Including one installation on Spring Road & the Prairie Path in Elmhurst!

Mexican Cultural Center DuPage (MCCD) in coordination with Meztli Mexico and in partnership with the College of DuPage Public Art Project (COD) and the DuPage Convention & Visitors Bureau (DCVB) presents an exciting new project: “Olmec Trails: Culture and Legacy.” This new outdoor exhibit featuring 33 large, brightly colored, hand-painted renditions of iconic Mesoamerican sculptures will be displayed July through October 2024 predominantly throughout suburban Chicago’s DuPage County in an expansive exhibition highlighting the culture of the ancient Olmec civilization in a fresh and accessible way.

To celebrate the exhibition, a free “Olmec Family Fiesta” celebration will be held at COD's McAninch Arts Center’s (MAC) Lakeside Pavilion, 425 Fawell Blvd., Sunday, June 30, 2-6 p.m. This family friendly event featuring live music by Mariachi Monumental, folkloric dance by Ballet Folklorico Quetzalcoatl, salsa dance lessons, face painting, food vendors and more is sponsored by College of DuPage Foundation. Attendees will have the opportunity to view the Olmec sculptures installed at COD and immerse themselves in the educational and informational display in the MAC lobby containing information on locations and artists and the mystery of the legendary Olmec people. More information is available at 

The colossal stone heads, crafted by the Olmecs between 1400 BCE to 400 BCE, originated in the southern part of Veracruz, Mexico, the cultural heart of this early Mesoamerican civilization. Each multi-ton sculpture, sculpted from a single stone using primitive tools, reflected the Olmecs' artistic prowess and their significant influence on subsequent Mesoamerican cultures. Today, these iconic heads are celebrated globally as prime examples of pre-Columbian art and adorn various museums and public spaces. Notably, the Olmecs, Mesoamerica's earliest civilization, left enduring legacies, including the precursor to sports like basketball and soccer. “Olmec Trails” pays tribute to the indigenous roots of Mexican heritage as well as brings attention to the importance of public art by showcasing the immense talent and creativity of 33 contemporary artists from across North America.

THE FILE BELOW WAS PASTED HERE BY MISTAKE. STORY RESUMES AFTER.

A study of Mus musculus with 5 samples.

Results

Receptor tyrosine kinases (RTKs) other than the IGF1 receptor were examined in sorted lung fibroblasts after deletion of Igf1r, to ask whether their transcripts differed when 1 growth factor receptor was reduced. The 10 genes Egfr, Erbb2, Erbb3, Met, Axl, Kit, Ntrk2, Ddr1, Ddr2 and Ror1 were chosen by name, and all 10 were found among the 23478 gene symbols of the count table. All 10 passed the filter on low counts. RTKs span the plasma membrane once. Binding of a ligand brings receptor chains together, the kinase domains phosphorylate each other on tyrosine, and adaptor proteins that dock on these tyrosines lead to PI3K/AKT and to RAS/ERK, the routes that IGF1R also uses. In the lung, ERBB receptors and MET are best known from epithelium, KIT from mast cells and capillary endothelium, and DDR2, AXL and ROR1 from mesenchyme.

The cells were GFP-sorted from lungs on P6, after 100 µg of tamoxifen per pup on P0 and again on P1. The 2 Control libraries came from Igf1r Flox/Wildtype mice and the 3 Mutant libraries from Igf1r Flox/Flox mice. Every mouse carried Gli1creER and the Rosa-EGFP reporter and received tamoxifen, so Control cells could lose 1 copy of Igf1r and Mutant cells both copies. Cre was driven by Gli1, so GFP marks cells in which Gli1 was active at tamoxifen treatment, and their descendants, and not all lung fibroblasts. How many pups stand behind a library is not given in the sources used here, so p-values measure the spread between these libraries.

Installations will be located throughout DuPage County and beyond. Those in DuPage County include 10 installations located on the walking paths of College of DuPage; five at St. James Farm in Warrenville, Ill.; four at Mayslake Peabody Estate in Oak Brook, Ill.; three at Fullersburg Woods in Oak Brook, Ill.; and one in the following locations: Naperville’s downtown and 95 St. Public Libraries; Great Western Prairie Path in Elmhurst, Ill.; Glen Ellyn Prairie Path in Glen Ellyn, Ill.; Kline Creek Farm, West Chicago Public Library, West Chicago Park District and Kruse House in the City of West Chicago, Ill.; plus a location to be announced. A list of location addresses can be found here.

Installations outside of DuPage County include the Gail Borden Public Library in Elgin, Ill. and the National Museum of Mexican Art in Chicago. The latter is in honor of Carlos Tortolero, the museum’s President Emeritus and Founder, and the inspiration behind the project. Support for “Olmec Trails: Culture and Legacy” is provided in part by the Mexican Cultural Center DuPage, College of DuPage, the DuPage Convention & Visitors Bureau, the Illinois Office of Tourism and the National Museum of Mexican Art. Artist support is provided in part by Meztli Mexico and the Mexican Cultural Arts Alliance. 

The Elmhurst Public Arts Commission would like to thank The Schiller Team for their generous donation in bringing one of the installations to Elmhurst which will be located on Spring Road & the Illinois Prairie Path!